Does Switzerland Have the Answer to Cannabis Testing Confusion in the United States?

Texas legalized CBD oil in June, which presented a new issue for state law enforcement – how to distinguish CBD from other illegal cannabis products on a daily basis.

At first glance, CBD products are nearly indistinguishable from other cannabis products. However, the difference lies in the THC content. CBD is derived from the cannabis plant but contains a maximum of .3 percent THC, the chemical in cannabis that gets you high.

The tests currently available for law enforcement are only capable of determining whether there are cannabinoids in a product. To be fair, that is all law enforcement needed to know before June. If Cannabinoids were present, then a person was breaking the law. But now that the laws have changed, there is a very obvious need for a testing kit that will prevent people from going through the hassle of proving that they are not carrying an illegal substance.

In response to questions about enforcing the new CBD laws with the currently available testing technology, Dallas County District Attorney John Creuzot said:

A drug test can’t do it, nor can a presumptive test[.] And so we can’t distinguish something legal from illegal, and that’s across the state.

The inability to distinguish an illegal substance from a legal one has created tension between District Attorneys and Governor Gregg Abbott. Specifically, district attorneys in several counties have announced that they will not prosecute misdemeanor marijuana charges due to the inability to efficiently test whether a person possesses a cannabis product with an illegal level of THC. In response, the Governor sent a letter stating:

[M]arijuana has not been decriminalized in Texas, and these actions demonstrate a misunderstanding of how H.B. 1325 works.

How do counties enforce the new law without access to proper testing technology?  Switzerland may have the answer to that problem. Scientists at the Zurich Forensic Science Institute have developed a testing kit that does what previously used kits are not equipped to do – test the level of THC in a product.

 The Swiss testing kits appear to be a relatively simple solution to a tricky problem. The test results in one of two ways: it turns a purpleish-pink when a higher concentration of CBD is present, and blue when a product contains a higher percentage of THC.

While it is unclear how precise the kits are, it is comforting to know that law enforcement will be one step closer to solving the cannabis testing confusion in the United States. In the meantime, it is important for Texas residents to be cognizant of the current limitations of product testing when making the decision to travel with CBD products. 


9 thoughts on “Does Switzerland Have the Answer to Cannabis Testing Confusion in the United States?”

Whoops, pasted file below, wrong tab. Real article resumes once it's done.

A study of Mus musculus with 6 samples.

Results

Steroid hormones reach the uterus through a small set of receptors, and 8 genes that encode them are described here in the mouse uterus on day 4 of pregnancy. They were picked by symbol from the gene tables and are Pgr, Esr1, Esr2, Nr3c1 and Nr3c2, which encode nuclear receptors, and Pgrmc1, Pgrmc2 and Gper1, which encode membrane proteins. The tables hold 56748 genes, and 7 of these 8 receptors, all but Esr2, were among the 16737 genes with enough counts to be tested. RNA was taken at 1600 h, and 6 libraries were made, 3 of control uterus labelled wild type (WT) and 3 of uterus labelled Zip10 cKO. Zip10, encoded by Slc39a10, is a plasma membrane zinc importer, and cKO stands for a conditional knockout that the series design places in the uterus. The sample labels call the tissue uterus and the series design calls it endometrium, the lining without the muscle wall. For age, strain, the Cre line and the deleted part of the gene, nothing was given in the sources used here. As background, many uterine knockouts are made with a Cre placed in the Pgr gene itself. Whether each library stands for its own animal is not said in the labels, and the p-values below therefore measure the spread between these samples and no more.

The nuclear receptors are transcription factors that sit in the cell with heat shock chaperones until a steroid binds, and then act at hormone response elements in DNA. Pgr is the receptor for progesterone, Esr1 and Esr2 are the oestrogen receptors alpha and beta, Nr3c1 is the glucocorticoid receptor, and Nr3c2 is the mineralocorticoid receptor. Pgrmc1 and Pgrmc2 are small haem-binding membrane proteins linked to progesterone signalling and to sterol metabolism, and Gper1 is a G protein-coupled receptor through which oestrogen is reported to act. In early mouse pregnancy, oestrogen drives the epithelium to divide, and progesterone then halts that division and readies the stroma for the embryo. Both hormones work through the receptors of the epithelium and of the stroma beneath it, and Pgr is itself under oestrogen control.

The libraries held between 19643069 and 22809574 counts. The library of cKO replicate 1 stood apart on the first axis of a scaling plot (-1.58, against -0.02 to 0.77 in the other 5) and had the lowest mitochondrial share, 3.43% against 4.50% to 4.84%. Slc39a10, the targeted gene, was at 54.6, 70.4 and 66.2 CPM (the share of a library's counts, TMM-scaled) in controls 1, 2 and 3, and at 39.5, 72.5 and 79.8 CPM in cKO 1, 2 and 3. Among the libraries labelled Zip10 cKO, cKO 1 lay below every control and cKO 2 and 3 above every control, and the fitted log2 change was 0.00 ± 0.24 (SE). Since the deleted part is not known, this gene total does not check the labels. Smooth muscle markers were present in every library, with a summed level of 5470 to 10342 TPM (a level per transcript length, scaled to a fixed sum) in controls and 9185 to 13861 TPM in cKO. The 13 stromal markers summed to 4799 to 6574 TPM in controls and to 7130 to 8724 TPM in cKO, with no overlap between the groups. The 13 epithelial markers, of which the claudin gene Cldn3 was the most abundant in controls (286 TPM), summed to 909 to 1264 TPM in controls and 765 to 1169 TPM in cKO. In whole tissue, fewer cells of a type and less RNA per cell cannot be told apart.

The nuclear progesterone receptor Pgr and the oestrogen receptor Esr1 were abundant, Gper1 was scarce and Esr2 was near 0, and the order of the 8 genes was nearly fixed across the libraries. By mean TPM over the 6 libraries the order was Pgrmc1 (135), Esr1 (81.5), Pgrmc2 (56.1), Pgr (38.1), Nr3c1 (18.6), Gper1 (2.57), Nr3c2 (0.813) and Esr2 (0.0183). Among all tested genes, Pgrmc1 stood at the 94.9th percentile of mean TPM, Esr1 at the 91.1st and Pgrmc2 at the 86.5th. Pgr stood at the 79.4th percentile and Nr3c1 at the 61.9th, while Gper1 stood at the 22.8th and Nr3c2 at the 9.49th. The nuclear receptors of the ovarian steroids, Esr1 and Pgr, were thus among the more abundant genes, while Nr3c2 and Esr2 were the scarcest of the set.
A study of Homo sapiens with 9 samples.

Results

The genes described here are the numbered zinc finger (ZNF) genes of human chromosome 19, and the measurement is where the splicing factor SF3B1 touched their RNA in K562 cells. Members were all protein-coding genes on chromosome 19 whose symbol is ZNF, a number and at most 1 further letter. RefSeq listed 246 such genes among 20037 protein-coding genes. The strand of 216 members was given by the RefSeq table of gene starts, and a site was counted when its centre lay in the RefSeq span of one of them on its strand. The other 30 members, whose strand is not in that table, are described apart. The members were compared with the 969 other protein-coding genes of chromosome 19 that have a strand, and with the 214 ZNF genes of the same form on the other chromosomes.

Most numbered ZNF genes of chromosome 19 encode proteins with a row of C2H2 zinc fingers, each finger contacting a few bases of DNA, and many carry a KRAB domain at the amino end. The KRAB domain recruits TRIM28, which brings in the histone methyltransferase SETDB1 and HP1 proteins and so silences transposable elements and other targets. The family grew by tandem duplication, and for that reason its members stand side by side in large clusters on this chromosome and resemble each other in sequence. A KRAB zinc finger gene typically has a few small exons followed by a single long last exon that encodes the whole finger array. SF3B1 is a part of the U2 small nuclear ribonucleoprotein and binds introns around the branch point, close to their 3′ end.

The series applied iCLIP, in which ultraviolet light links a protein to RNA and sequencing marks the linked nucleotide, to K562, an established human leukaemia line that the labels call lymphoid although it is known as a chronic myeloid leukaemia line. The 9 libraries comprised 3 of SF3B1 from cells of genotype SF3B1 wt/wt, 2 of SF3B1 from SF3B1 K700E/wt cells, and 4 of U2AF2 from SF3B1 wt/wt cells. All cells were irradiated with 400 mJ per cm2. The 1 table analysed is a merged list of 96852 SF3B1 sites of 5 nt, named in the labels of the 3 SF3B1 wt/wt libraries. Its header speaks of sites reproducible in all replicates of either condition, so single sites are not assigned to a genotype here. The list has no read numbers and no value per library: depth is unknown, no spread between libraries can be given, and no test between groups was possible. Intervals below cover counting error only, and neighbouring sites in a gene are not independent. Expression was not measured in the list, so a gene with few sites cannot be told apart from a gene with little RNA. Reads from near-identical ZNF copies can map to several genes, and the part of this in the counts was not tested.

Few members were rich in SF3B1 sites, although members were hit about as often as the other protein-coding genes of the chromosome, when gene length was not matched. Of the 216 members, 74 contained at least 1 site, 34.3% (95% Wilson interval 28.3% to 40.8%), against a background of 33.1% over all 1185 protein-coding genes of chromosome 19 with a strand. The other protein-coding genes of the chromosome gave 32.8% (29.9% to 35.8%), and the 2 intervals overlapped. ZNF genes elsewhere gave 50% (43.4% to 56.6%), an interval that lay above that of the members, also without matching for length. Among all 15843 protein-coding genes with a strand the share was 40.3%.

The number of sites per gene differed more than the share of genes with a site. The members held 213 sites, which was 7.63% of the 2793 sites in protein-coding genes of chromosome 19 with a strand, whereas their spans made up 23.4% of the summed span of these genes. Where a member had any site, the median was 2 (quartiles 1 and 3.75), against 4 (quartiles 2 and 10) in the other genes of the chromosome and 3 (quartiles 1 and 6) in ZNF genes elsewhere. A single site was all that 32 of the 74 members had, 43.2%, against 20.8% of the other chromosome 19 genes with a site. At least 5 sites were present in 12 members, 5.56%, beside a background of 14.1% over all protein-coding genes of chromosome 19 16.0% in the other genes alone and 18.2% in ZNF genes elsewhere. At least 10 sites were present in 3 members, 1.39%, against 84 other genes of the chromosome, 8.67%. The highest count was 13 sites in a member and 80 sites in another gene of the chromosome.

1. This is a serious issue. I know in Tarrant County alone, they had to dismiss hundreds of misdemeanor possession cases because they cannot test for THC accurately or it costs too much money. Maybe this swiss test could be the solution to their problem.

  2. This issue has had a lot of other problems besides dismissals on possession cases. Officers in Texas have raided CBD shops believing that they were seizing marihuana products, the Tenessee police chief didn’t know what CBD oil was, and in South Dakota a health food store selling CBD products ultimately, wasn’t prosecuted after a police raid confiscated $3,000 worth of CBD products.

  3. The issue of testing for cannabis has remained front and central for many years. I believe every consumer and every citizen should be in favor of developing a reliable testing procedure/device. I hope the Swiss continue to further explore their technology and its ability to test for cannabinoids.

  4. This was a really interesting read. I find it interesting that legislatures are having such a hard time determining the difference due to our vast advances in the scientific field. Hopefully they can implement the Swiss test and it will make things easier for them.

  5. I hope they are able to confirm the reliability of the Swiss test and utilize it in the U.S. soon. It’s crazy to think that our law enforcement doesn’t currently have an effective test that they can utilize to determine if someone is using something illegal or if it is just CBD.

  6. The kit that Switzerland has produced definitely sounds like the solution to the detection issue. It seems most like the method that is currently in place when law enforcement is testing other possible substances, which means it is fast, easy, and efficient. My only concern is how much the tests will cost and how easy production will be.

  7. This kit is definitely needed and I hope it is affordable enough for law enforcement officers, and accurate enough, as well.

  8. It is important that the scientists in Switzerland are able to continue developing the test kit and make it as accurate as possible. The kit is definitely needed with the current issue that Texas is currently facing. Hopefully it will be affordable enough for all law enforcement officials to have it available.

  9. I wonder how much those testing kits would cost law enforcement, but this looks like a positive step in helping Texas enforce their own laws. A dysfunctional law is never a positive thing.